In fact, in contrast to all the critical reviews I saw, there were moments I was impressed. The acting's not Oscar worthy or anything, although it is a TON of fun to watch Cher and Stanley Tucci together-- they clearly enjoy and respect each other (or act really well as if they do). Who doesn't love watching a fabulously flamboyant woman whose comedic straight man is her gay best friend? Cher had a wonderfully confidence in her character Tess. She was like a cat who knows that every stretch, swat and swing of the tail is watched and admired. So I forgave her character the moments of stubbornness and self-pity-- I like watching a woman who's confident in the story she has to tell.
Christina isn't as convincing as an actress, but I didn't care. I was waiting for her to cause a rumble with those pipes. She has such an incredible voice, I didn't care about the acting. But when she was acting onstage in the movie's burlesque show, she was terrific. So much fun!! She looked totally free, even as her voice and her moves stayed disciplined. And THAT is a performance worth watching.
Some themes I noted:
- Yer mom! Family values?! I swear, it was in there. Moms and family might seem to have nothing to do with feather boas and pasties. But messages and talk of family persisted throughout the movie. This might be one of the most interesting artistic messages/themes of the movie. I'm serious! Just a handful of examples that I can remember- there are probably more:
- Christina Aguilera's character Ali has pennies to her name, but demonstrates that she thinks the mom-child relationship is important when she hands over some money and says to her co-worker: "Buy this toy for your kid. I know you've been wanting to get it for him." She could have kept the money or given it to her co-worker for drinks after work, but nope. There's a reason for it, I think...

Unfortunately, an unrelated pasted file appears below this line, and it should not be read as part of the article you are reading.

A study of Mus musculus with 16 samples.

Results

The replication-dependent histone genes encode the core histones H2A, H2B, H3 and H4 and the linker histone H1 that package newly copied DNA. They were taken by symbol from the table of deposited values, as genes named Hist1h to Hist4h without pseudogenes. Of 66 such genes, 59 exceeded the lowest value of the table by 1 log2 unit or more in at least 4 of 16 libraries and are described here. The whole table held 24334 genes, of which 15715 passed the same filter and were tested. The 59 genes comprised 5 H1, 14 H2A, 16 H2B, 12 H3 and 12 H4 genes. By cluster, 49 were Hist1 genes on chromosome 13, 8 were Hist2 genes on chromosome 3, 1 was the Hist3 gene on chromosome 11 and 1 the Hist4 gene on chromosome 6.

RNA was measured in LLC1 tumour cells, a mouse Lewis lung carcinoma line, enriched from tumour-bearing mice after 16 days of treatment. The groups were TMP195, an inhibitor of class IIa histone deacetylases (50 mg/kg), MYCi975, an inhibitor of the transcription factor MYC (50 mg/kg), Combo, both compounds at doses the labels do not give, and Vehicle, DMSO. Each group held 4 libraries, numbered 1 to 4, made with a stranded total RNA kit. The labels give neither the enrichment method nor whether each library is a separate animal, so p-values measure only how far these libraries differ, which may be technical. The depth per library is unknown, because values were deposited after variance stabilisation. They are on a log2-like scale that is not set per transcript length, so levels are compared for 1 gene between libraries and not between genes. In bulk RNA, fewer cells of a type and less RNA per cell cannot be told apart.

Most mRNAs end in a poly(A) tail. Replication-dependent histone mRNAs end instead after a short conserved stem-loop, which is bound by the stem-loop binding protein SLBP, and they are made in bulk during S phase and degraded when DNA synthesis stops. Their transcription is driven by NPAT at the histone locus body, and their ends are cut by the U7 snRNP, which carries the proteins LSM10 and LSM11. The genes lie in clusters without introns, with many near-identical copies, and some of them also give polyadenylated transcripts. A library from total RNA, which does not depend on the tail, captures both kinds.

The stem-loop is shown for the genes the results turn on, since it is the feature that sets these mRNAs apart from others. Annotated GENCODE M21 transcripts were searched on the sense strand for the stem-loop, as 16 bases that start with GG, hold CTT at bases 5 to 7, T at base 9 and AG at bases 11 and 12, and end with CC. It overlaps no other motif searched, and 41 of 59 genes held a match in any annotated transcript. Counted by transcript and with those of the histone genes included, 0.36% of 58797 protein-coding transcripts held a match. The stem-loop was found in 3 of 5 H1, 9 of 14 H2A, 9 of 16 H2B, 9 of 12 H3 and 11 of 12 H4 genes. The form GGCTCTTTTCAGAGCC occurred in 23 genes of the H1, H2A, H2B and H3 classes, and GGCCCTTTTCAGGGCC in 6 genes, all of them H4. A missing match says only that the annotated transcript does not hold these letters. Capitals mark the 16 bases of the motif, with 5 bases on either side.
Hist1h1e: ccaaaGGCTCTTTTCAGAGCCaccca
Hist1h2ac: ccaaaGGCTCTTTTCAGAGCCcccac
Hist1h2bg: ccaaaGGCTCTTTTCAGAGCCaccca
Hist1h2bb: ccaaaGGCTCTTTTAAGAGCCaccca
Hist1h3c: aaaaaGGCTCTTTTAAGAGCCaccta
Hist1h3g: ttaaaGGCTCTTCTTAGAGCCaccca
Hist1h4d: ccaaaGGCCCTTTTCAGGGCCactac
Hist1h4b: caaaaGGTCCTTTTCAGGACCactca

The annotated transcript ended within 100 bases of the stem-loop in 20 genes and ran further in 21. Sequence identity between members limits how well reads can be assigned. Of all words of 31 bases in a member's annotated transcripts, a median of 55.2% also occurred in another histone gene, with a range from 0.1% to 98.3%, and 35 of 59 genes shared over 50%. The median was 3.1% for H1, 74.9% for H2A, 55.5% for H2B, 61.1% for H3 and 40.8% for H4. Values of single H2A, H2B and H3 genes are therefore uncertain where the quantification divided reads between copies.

- ... Ali lost her mom at age 7
- And Ali having no family comes up a couple times in key emotional moments with Jack and Tess
- Jack's engaged- but his relationship isn't a model of family warmth
- Theme of "I'm not your mom" and "You're not my mom" come up over and over
- Tess' general motherliness to the performers and staff at her club
- A dancer gets pregnant and then married
- Notably, when the dancer gets pregnant, Tess knows which dancer it is even though she can only see the bottom of her shoes from under the bathroom stall when she's got morning sickness
- And Tess tells that dancer that "we're family, we take care of each other"
- Jack's mom gave him adorable pj's (but used to highly sexy and comedic effect)
- Jack breaks off the engagement when he realizes what he really wants in a relationship
- Themes of "we're a family/forgiveness/come back to us" thread throughout
- Still not convinced? Think it's kind of unexpected to have something to say about moms in a movie that's about shaking your moneymaker? But maybe that's a message-- you can still work it even after you birth it. Christina's got it, Cher's got it, and one of the dancers gets pregnant. But if you could have or BE a mom with moves as hot as Cher and X-Tina, why *wouldn't* you be rocking it? Now that is a life lesson for us all.
- Diversity is fun! Ok, my first reaction to the diversity of the cast was 'WOOT!' It was great to see a range of beauty up there in race (and sort of somewhat, though not much, in size). They obviously put some thought into diversity, which I appreciated. On the other hand, I realized that *some* thought doesn't mean *good* thought or deep thought (not that I'm begging Burlesque to provide deep thoughts, but still). None of the main roles went to actors of color: Cher, Christina, Cam Gigandet (Jack), Stanley Tucci, Kristen Bell (the main female rival), Eric Dane (the main male rival). Diversity is fun -- to give lip service to? Sigh. Blonde wins here, but at least we all have fun watching.
- Last big theme: Know when to hold 'em, when to fold 'em. Tess holds onto the club far past the point of financial reason, but she knows she's got something good. Ali helps her figure out how to turn that intuition into cold hard cash. (That's another part of the daydream, folks! Don't go thinking you can do what they did to save your home!) It's part of the fable, the theme of letting go and holding on. Jack has to decide in his relationship with his fiancee whether he's going to hold on or take a chance, let her go and possibly find his best friend and soulmate. Ali, too, has to decide whether she's going to hold on to the seemingly safe relationship where her material desires could be met (hello Christian Louboutin!) or let it go and go for one where she's got an emotional connection. (I know, the suspense! Which could it be?!)